Every time a shutter blinks in one of the millions of cameras mounted on stoplights or building corners, the faces of those within the sight of the lens are instantly recorded and saved to a database kept somewhere for use by someone for some purpose.
The New American has been at the forefront of the coverage of the proliferation of many of the powerful and prolific surveillance technologies deployed in the United States. One of the most robust of these systems is the software connecting a network of cameras known as TrapWire.
TrapWire is a massive and technologically advanced surveillance system that has the capacity to keep nearly the entire population of this country under the watchful eye of government 24 hours a day. Using this network of cameras and other surveillance tools, the federal government is rapidly constructing an impenetrable, inescapable theater of surveillance, most of which is going unnoticed by Americans and unreported by the mainstream media.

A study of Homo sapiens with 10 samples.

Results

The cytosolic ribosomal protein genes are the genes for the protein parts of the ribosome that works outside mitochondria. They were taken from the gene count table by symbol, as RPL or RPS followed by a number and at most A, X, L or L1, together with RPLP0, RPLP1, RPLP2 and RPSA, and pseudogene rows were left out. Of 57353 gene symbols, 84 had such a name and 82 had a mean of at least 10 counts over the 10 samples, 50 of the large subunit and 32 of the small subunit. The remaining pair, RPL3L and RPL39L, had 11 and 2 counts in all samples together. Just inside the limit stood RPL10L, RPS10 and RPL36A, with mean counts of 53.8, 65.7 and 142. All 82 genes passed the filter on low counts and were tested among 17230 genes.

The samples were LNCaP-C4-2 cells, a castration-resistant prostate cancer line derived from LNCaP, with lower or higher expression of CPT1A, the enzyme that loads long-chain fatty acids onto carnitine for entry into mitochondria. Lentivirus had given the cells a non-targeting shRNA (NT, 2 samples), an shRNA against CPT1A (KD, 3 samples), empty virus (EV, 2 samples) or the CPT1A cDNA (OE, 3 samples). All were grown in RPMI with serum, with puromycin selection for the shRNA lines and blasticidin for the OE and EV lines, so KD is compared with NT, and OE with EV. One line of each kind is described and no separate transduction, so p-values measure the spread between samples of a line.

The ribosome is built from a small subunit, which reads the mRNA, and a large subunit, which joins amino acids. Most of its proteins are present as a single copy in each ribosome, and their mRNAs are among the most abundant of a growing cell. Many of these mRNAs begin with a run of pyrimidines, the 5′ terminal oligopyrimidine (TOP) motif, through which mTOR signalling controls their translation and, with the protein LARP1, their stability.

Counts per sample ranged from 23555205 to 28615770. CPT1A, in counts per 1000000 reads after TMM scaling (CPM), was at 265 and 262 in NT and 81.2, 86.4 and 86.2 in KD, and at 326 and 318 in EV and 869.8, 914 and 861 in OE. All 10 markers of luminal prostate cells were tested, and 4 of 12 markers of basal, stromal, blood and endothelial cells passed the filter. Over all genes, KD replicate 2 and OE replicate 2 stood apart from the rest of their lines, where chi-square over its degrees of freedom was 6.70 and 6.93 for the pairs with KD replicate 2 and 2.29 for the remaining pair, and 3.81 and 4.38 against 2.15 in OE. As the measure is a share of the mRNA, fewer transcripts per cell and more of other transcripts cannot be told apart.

Unlike other elements of the central government’s cybersurveillance program, word about TrapWire was not leaked by Obama administration insiders. The details of this insidious surveillance scheme were disclosed by WikiLeaks, the anti-secrecy group founded by Julian Assange.
The TrapWire story percolated from the millions of e-mails from the Austin, Texas-based private intelligence-gathering firm Stratfor, published this year by WikiLeaks. Covering correspondence from mid-2004 to 2011, these documents expose Stratfor’s “web of informers, pay-off structure, payment-laundering techniques and psychological methods.”
As a review of the news shows, however, TrapWire is only one strand of the wide web of surveillance being woven around the world.
Click here to read the entire article.
Photo: Big Brother's face looms from giant telescreens in Victory Square in Michael Radford's 1984 film adaptation of George Orwell's Nineteen Eighty-Four.